The club, an 18-degree Callaway hybrid prototype, was created in response to Phil's desire for a more versatile performing hybrid. Many Tour players help with the design of clubs, but Lefty was extraordinarily involved in this one, says Callaway, because his home in Rancho Santa Fe, Calif., is so close to Callaway's headquarters in Carlsbad, just up Interstate 5.
 
The idea came to Phil during a practice round for this year’s Northern Trust Open at Riviera Country Club. He told Callaway technicians that his dream utility club would behave like an iron from the fairway, and enable him to control distance consistently from the rough. Translation: crisp contact when his tee ball has earned it, and no fliers when it hasn’t.
 
With Mickelson's input, Callaway designed a clubhead shape that’s short from heel to toe and tall in the face, giving it a very compact look. The score lines on the face go all the way up, as they would on an iron; this helps channel away grass bits and moisture, even on balls contacted high on the face. The heel and toe are highly cambered, almost like the so-called C-grind on a wedge, the better to stay away from grabby grass blades. The heel has a lot of relief, so much so that Phil can even open the face – yes, with a hybrid – and hit an extra-long flop shot, which he did at one point on No. 15 Saturday from about 146 yards.
 
But the most striking aspect of Mickelson hybrid may be the sole, which looks almost like your dad’s old big-flange sand wedge. The front of the sole – essentially, the leading edge –is lower than the back of the sole as the club sits on the ground. This allows Mickelson to open the face, but it also helps move the center of gravity down and forward, which yields the kind of flight out of the rough that Phil was looking for. In the fairway, the part of the sole that actually goes through the turf is about the size of an iron sole, perhaps a little bigger.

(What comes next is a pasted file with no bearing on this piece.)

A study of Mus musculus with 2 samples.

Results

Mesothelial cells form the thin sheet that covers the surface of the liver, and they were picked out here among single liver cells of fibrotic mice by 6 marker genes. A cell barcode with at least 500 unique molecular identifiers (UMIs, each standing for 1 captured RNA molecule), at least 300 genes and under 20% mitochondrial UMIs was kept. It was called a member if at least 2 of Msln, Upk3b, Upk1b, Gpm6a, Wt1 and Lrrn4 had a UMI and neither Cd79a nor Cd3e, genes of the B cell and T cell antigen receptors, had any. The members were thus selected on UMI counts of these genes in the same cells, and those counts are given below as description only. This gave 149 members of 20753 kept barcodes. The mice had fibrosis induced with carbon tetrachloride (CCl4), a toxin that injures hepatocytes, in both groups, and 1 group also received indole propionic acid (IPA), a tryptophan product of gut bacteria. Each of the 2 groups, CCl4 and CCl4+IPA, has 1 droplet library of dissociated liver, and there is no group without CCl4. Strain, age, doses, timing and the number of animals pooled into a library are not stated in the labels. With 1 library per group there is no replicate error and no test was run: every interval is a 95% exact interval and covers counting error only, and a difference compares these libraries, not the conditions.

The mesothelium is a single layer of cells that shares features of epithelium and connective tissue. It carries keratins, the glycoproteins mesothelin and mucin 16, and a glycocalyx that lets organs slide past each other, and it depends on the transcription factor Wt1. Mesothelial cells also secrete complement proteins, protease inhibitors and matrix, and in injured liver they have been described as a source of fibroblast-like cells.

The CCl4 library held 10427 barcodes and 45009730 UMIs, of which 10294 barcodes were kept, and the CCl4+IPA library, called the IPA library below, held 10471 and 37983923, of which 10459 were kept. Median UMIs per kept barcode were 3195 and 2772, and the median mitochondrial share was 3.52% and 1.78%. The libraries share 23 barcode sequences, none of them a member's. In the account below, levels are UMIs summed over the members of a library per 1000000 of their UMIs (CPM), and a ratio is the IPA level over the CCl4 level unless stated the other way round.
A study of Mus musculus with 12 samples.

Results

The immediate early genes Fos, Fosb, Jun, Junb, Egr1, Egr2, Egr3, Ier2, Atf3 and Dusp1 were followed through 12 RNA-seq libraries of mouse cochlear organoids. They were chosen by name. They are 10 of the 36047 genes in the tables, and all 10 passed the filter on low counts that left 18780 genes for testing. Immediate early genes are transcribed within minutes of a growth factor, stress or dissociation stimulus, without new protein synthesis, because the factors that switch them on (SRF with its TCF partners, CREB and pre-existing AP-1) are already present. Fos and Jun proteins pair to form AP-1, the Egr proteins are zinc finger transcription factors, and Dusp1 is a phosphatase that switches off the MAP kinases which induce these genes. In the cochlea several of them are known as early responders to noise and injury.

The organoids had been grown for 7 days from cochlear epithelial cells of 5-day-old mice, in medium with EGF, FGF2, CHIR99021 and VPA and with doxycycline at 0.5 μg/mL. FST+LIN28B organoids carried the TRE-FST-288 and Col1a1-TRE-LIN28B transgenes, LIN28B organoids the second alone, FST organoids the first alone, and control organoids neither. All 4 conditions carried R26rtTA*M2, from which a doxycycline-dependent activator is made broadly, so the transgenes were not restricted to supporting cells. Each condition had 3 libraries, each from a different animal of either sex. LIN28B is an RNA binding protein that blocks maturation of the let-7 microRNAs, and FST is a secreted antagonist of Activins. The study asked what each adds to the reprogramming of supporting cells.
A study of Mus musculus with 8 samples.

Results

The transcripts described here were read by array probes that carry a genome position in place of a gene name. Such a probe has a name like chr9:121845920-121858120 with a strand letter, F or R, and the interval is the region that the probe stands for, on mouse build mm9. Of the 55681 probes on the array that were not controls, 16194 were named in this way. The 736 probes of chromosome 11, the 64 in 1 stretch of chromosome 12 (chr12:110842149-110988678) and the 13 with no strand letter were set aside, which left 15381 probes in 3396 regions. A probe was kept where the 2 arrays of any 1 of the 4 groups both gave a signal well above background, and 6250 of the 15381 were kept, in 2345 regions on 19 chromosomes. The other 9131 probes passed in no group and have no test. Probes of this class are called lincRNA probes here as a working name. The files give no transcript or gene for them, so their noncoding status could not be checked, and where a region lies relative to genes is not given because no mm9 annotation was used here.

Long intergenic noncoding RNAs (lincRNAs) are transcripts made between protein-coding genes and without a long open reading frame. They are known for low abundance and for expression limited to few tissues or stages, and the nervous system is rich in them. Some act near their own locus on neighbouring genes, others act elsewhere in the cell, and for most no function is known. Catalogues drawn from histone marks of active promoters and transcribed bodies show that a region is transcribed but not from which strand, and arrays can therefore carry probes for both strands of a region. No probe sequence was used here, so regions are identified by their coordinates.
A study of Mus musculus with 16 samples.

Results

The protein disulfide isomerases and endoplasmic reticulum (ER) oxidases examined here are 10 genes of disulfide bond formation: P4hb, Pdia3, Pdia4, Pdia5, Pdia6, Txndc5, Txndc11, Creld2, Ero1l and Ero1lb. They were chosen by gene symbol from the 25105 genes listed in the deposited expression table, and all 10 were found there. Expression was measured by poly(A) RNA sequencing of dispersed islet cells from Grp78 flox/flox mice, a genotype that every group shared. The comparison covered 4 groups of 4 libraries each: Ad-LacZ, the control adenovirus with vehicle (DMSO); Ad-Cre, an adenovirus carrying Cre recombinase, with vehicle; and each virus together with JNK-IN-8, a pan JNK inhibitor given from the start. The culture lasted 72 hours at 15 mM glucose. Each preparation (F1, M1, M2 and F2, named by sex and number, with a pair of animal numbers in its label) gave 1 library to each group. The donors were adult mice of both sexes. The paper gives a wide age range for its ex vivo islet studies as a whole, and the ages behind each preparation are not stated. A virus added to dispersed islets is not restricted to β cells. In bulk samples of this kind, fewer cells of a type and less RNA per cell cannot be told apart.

The design process began after the Northern Trust Open (which Mickelson won), was into computer drafting by late April, and ready for Phil soon afterwards. That’s pretty rapid, compared to club development timelines of a decade ago.
 
Only one of these clubs exists now – and it’s a left-handed model, of course. Callaway is testing some RH prototypes, but can’t promise the club will ever make it to market. If it does, you’ll know who the inventor is, literally – word is Mickelson’s name may be listed on the patent application.